Bafana Bafana take on Tunisia on Sunday with some confidence after their 1-1 draw with Angola in the opening game of their Group D contest against Angola. While the team will be glad to get away from Southern African opposition and even if it is to take on one of the giants of North African football, they will draw strength especially from the second-half performance against Angola on Wednesday evening in Tamale.
Elrio van Heerden handed coach, Carlos Parreira a “get out of jail free” card with a sumptuous equalising strike five minutes from the end of a tough battle against Angola.
As Parreira said after the game “the group stands still, everyone in still in the same position”. In the earlier game on Wednesday Senegal and Tunisia shared the spoils in an entertaining 2-2 draw, leaving all four teams in the Group on one point after the opening round of games.
Parreira feels that his young team will have taken a lot out of the outing against Angola, not least that they have another game under their belts. In his opinion, the two-week pre-tournament training camp in Durban during which they played friendlies against Mozambique and Botswana was too short, and the players will be both physically stronger and sharper in the next game against Tunisia.
Whilst it is not a must-win game, South Africa will not want to place undue intensity and pressure on themselves in the final group game against Senegal in Kumasi next week. A result against the Tunisians is what is required on Sunday to ease the passage to the knockout stages of the 2008 African Cup of Nations.
They will need greater support from the crowd. While the town of Tamale, which is somehow reminiscent of Giyani, has adopted South Africa as their team, support for Bafana in the stadium was muted in comparison with the organised and vocal Angolan fans.
Bafana Bafana started well against Angola with Sibusiso Zuma taking on the responsibility of the lone striker role, and the wing-backs Bryce Moon and Tsepo Masilela given the freedom to push forward at every opportunity.
The Angolans were happy to sit back and defend, especially as they were not subjected to any sustained pressure on their goal. The Angolans counterattacked with pace and purpose, and despite not being under significant pressure, Benson Mhlongo made two errors to release the Angolans. The second of these in the 29th minute resulted in the opening goal as the ball was beautifully crossed by Flavio for Manucho to firmly head in beyond Moeneeb Josephs.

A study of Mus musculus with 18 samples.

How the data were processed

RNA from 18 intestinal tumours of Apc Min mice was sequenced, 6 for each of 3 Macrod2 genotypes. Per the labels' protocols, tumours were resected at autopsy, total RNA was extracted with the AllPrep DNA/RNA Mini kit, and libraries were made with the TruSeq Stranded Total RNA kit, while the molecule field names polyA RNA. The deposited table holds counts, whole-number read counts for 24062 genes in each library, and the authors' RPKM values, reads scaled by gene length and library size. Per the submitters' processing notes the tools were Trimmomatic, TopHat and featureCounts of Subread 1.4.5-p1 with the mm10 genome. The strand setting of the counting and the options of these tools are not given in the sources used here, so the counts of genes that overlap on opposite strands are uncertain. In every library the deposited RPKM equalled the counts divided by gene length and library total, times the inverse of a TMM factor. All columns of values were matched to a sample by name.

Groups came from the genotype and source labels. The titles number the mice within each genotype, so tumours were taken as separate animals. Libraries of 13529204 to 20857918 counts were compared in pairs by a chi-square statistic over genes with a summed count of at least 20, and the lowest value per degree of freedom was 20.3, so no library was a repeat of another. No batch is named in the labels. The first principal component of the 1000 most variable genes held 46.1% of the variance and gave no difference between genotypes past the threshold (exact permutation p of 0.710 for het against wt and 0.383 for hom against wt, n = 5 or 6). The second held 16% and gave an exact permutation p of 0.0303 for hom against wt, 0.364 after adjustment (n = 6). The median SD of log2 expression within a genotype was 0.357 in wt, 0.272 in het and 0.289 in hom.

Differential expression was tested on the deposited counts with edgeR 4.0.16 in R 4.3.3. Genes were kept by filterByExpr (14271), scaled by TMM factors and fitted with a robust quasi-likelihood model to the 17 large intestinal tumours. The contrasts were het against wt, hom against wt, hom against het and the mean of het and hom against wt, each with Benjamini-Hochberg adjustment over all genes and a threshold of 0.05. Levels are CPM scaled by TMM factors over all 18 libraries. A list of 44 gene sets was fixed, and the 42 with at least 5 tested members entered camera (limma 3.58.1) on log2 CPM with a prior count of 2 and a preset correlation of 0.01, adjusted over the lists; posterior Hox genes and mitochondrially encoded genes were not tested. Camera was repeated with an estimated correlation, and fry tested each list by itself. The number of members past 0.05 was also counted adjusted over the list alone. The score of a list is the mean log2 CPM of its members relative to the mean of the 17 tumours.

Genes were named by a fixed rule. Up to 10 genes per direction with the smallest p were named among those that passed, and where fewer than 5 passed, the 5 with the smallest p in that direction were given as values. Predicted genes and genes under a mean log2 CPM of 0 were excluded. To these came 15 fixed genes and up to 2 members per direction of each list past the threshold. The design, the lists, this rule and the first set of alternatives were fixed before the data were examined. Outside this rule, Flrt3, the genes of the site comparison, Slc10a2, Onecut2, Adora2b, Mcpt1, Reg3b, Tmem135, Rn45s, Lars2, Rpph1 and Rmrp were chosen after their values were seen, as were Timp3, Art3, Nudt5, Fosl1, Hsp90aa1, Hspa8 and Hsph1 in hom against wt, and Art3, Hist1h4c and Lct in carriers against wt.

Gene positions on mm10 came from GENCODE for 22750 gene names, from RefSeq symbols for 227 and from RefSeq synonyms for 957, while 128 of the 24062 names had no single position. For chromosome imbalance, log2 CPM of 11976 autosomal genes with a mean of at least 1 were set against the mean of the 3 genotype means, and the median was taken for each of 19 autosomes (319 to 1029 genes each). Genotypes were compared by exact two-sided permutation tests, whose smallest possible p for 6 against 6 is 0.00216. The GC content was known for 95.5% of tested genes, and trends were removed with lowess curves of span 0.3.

The South African passing, retention of possession and skills on the ball were accomplished but they sometimes succumbed to the temptation of being too intricate around the edge of the Angolan penalty area. Chances were rare.
Parreira made two substitutions at halftime bringing on Thembinkosi “Terror” Fanteni and Lerato Chabangu in place of the ineffectual Surprise Moriri and Siphiwe Tshabalala. This immediately enhanced the structure and shape of Bafana Bafana as Fanteni’s presence and running created more space to attack. He looked hungry and eager to impress, and could well have stolen the game with a rasping drive that was parried by the Angolan keeper in stoppage time at the end of the match. He is worthy of a place in the starting line-up on Sunday.
Steven Pienaar’s form with his English Premiership side Everton has temporarily deserted him and while he displayed some great touches, his talent and class demands that he should dominate games of this nature.
Elrio van Heerden replaced him in the 70th minute, and this proved to be the decisive substitution. Van Heerden’s greater physical presence came to the fore and he added a steeliness that had been lacking. He fully deserved his goal, which was almost a replica of the 30-yard stunner scored by Ghana’s Sulley Muntari in the tournament’s opening game last Sunday.
The Bafana camp was tense in the build up to the game — a Safa statement said that “for the first time Parreira was under some pressure”. Parreira’s tetchiness was evident early in the game as he rebuked the fourth official for allowing the cameramen to station themselves in his line of sight of the field.
Team manager Sipho Nkhumane however stressed the desire and commitment of the inexperienced team to do their best. He said that while Benni McCarthy’s international career is by no means over, the Africa Cup of Nations provided the platform for new talent to rise to the top. “Benni has been playing in the Nations Cup since 1998, its time to give others a chance”, said Nkhumane.
The youngsters exhibited great endeavour and determination, and have won over a few admirers here in Ghana. Parreira commended his young charges on standing up to an Angolan team that has experience of playing in the World Cup finals in Germany.
This squad is a work in progress but the evidence is there that they will grow in stature.
The Africa Cup of Nations has so far produced some enthralling matches and the quality of the football is worthy of a tournament of this stature.
We have been thrilled by some spectacular goals and enterprising yet strategic game plans. Whether this is the consequence of so many African footballers now plying their trade in the European leagues or better coaching in Africa, is a question for another day.
For now African football can hold its head high — it is putting on a show for the world to enjoy.